On February 7 of 2021, the website Bleeping Computer reported a quite advanced phishing attack based on an ancient communication protocol: Morse code.
Developed back in 1835, the protocol turn the alphabet in binary code and the other way around. It allows us to communicate by simple bleeps or light signals.
The most famous Morse code is probably … _ _ _ … Correct, the SOS distress signal to call for rescue!
The hackers found this technique interesting to use in webpages and to obfuscate phishing URL’s that would normally be removed by the most modern anti spam filters.
How it should work, normally:
When these filters scan an email containing https://eid.belgium.be.youshouldnevergothere.za/
and the “youshouldnevergothere.za” domain is blacklisted, they kill the URL or the entire email.
The user can’t click the URL and the issue is solved.
How it is bypassed using Morse code:
The hacker understand the filter mechanism and turns the URL from text format to “.” and “_”.
The filter sees a series of dots and dashes and pays no attention, the email passes without issue.
Next, the webpage loads code to translate the code into text and hits the malicious URL.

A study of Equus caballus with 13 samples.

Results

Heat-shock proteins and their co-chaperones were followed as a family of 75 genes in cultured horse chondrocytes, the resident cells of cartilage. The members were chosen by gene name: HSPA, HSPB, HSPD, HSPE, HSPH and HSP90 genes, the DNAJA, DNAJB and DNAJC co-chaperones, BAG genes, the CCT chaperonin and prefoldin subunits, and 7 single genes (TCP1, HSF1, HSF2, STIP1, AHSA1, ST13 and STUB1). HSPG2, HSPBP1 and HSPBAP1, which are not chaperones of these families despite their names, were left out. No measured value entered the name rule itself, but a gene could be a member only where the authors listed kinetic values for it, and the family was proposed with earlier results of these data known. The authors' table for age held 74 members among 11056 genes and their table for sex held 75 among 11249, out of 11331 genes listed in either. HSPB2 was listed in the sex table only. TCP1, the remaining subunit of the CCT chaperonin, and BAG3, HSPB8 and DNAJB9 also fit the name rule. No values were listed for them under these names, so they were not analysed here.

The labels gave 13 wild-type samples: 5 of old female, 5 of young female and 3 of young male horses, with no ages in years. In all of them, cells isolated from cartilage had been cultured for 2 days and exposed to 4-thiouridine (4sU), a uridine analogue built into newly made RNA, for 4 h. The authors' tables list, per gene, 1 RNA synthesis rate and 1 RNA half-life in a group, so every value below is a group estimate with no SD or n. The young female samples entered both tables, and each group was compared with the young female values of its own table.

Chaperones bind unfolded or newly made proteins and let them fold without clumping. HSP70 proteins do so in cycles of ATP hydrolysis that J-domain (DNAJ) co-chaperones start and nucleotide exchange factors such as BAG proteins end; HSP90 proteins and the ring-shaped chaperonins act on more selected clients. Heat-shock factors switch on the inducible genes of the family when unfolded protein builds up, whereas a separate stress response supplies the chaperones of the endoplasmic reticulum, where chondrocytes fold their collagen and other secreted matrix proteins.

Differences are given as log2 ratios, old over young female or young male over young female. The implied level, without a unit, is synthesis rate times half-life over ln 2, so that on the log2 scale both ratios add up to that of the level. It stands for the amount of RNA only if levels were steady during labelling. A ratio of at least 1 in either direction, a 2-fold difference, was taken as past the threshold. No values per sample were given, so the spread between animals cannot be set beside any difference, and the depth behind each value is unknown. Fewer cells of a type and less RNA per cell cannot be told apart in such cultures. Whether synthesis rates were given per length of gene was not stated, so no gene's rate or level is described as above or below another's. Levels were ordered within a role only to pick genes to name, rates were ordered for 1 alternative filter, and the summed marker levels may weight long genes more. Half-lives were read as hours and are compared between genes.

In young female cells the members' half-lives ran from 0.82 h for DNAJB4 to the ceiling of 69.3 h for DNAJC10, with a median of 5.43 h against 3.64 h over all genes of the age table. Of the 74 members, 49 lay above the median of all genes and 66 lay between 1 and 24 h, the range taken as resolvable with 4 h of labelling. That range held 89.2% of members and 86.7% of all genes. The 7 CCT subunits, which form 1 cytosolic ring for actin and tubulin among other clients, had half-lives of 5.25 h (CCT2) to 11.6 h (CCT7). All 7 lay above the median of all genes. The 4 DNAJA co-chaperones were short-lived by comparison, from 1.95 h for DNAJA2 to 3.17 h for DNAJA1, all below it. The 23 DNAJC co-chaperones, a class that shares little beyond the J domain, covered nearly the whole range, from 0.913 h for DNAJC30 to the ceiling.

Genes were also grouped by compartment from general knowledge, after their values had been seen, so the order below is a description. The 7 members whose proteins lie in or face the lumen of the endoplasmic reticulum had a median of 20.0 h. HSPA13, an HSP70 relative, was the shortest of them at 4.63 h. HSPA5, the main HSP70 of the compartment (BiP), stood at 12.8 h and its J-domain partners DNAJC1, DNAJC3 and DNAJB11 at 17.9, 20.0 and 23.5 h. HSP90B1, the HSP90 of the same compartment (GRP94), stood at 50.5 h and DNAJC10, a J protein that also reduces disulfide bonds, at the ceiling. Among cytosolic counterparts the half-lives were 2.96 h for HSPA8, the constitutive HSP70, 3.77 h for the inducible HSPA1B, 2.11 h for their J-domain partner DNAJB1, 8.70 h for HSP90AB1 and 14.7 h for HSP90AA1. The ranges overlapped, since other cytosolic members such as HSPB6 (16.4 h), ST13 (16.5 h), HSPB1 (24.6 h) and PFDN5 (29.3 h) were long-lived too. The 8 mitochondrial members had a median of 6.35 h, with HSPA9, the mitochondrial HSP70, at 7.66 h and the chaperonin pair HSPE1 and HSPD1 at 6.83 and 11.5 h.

In the image below you can see how they would set up the morse code to turn it into a malicious URL
What this shows is the effect of using ‘old school’ tools in a ‘modern environment’. We try to protect users, both fixed desktop users as mobile smartphone users, in a ’new normal’ where there are no more network boundaries.The spam filter certainly have their use, but it’s also certain this is not the only protection your employees need.
In the previous ’normal’, the corporate network was protected on the lowest level with anti-spam, anti-malware etc… to improve protection for the employees. That’s mandatory to ensure the Morse code doesn’t point the user to the bad site. The hackers didn’t invent Morse in 2021, they could have used it for ages, but they didn’t.
Because before, the network was secured. Even if they defeated the anti-spam, they would get blocked when the PC was trying to reach the phishing server. In the ‘new normal’, and certainly for mobile users (aren’t we all), we need to get this next layer of defence back in place: ON our mobile device.
That’s where MTD and anti-phishing comes into play. The modern techniques no longer consume processing power to analyse what data enters a mobile device because it’s impossible. There are so many channels on which you receive data: SMS, Whatsapp, Email, … The new way of working is to prevent you from going to malicious phishing sites. Very much like in the old days when you were on the corporate network. It’s like having all that super networking protection on your mobile device in your pocket: updated in realtime through the cloud and blocking the URL’s you shouldn’t go to!
Interested in our help to get protection up and running for your mobile employees? Let us know!